Notre Dame transfer relaxes into Geneseo freedoms, way of life

At some point during the college experience, almost everyone has found a shortcoming of their school worth complaining about, and students here at Geneseo are no exception.

But if you're feeling down or just experiencing the after-effects of a Sourdough Special, talking to one of Geneseo's many transfer students can help you realize the 'Seo ain't so bad.

I recently transferred from the University of Notre Dame in South Bend, Ind. - a fact nearly every student responds to with an incredulous look and inquisition as to why I would ever leave to come here. There were a variety of reasons, but a huge factor was Notre Dame's ridiculously conservative and sexist rules.

At Notre Dame, everyone lives in single-sex residence halls and no member of the opposite sex is allowed in your room past midnight from Monday to Thursday or past 2 a.m. on the weekends. Imagine your RA knocking on your door at midnight to see if you have (gasp!) a guy or girl in there. If you are found committing this terrible crime, you risk being thrown out of your dorm.

If you get crazy and hang out with a member of the opposite sex during appropriate hours, there must be three feet on the floor at all times. Unless you are very creative and/or flexible, this leaves little chance for amorous activity. If you're caught doing the deed, you face expulsion. Unless you get pregnant - then it is okay because of, you know, procreation.

But getting pregnant shouldn't be too tough, since the university refuses to provide condoms or birth control to students at the health center. Notre Dame: saving souls one sex-deprived kid at a time.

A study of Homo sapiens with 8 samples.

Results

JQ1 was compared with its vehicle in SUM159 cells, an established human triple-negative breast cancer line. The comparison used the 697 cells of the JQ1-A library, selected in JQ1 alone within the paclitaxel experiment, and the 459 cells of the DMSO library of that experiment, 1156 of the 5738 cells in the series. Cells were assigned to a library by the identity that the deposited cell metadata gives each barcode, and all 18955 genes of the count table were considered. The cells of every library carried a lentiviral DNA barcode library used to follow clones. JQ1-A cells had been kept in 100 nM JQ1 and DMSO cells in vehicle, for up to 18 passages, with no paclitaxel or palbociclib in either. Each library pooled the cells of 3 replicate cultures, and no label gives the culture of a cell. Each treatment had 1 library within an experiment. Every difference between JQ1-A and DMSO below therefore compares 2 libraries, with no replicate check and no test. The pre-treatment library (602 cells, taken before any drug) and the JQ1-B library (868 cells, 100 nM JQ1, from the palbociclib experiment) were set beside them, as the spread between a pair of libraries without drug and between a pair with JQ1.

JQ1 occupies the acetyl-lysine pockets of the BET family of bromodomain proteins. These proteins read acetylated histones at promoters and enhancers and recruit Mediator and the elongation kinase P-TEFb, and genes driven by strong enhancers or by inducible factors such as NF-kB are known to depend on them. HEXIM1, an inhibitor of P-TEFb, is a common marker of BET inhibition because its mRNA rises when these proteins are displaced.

All of these rules make for awkward, uncomfortable relations between the sexes. Friendships between members of the opposite sex are rare because people assume guys and girls are dating if they hang out. At Geneseo, you can spend time with whomever you want, whenever you want. It's so refreshing to attend a school that treats students like adults, not misbehaving children.

Coming from a school made up of type-A, overachieving students, I can really appreciate the Geneseo student body. Students here are serious about their work, but it does not consume their lives. Being a public school, it also provides a better balance of students from different economic and social backgrounds. Yes, almost everyone is from New York. But it is not much use having peers from all over the country at Notre Dame when nearly every one of them is wealthy, white, conservative and Catholic.

Probably the only things Notre Dame really has on Geneseo are food and sports. But I know even food and sports cannot provide an enjoyable college experience the way great people can. Plus, Notre Dame basketball sure never made the top play on SportsCenter. I'd rather have no football team than one that breaks my heart (and my bike lock, as the football players were notorious bike thieves). I'll take a few bad meals at Letch and Division III sports over pretentious rich kids any day.

There's a reason why 600 students transfer to Geneseo annually, making up a third of each graduating class. It seems most people here did not have the school as their first choice, but grew to love it. Geneseo is not perfect, but I am very happy with my decision to transfer. Few schools, private or public, can beat Geneseo's mix of great academics, affordable tuition and friendly student body.

As someone who has experienced a university that is practically Geneseo's opposite, I can appreciate what it has to offer. And I don't even miss football.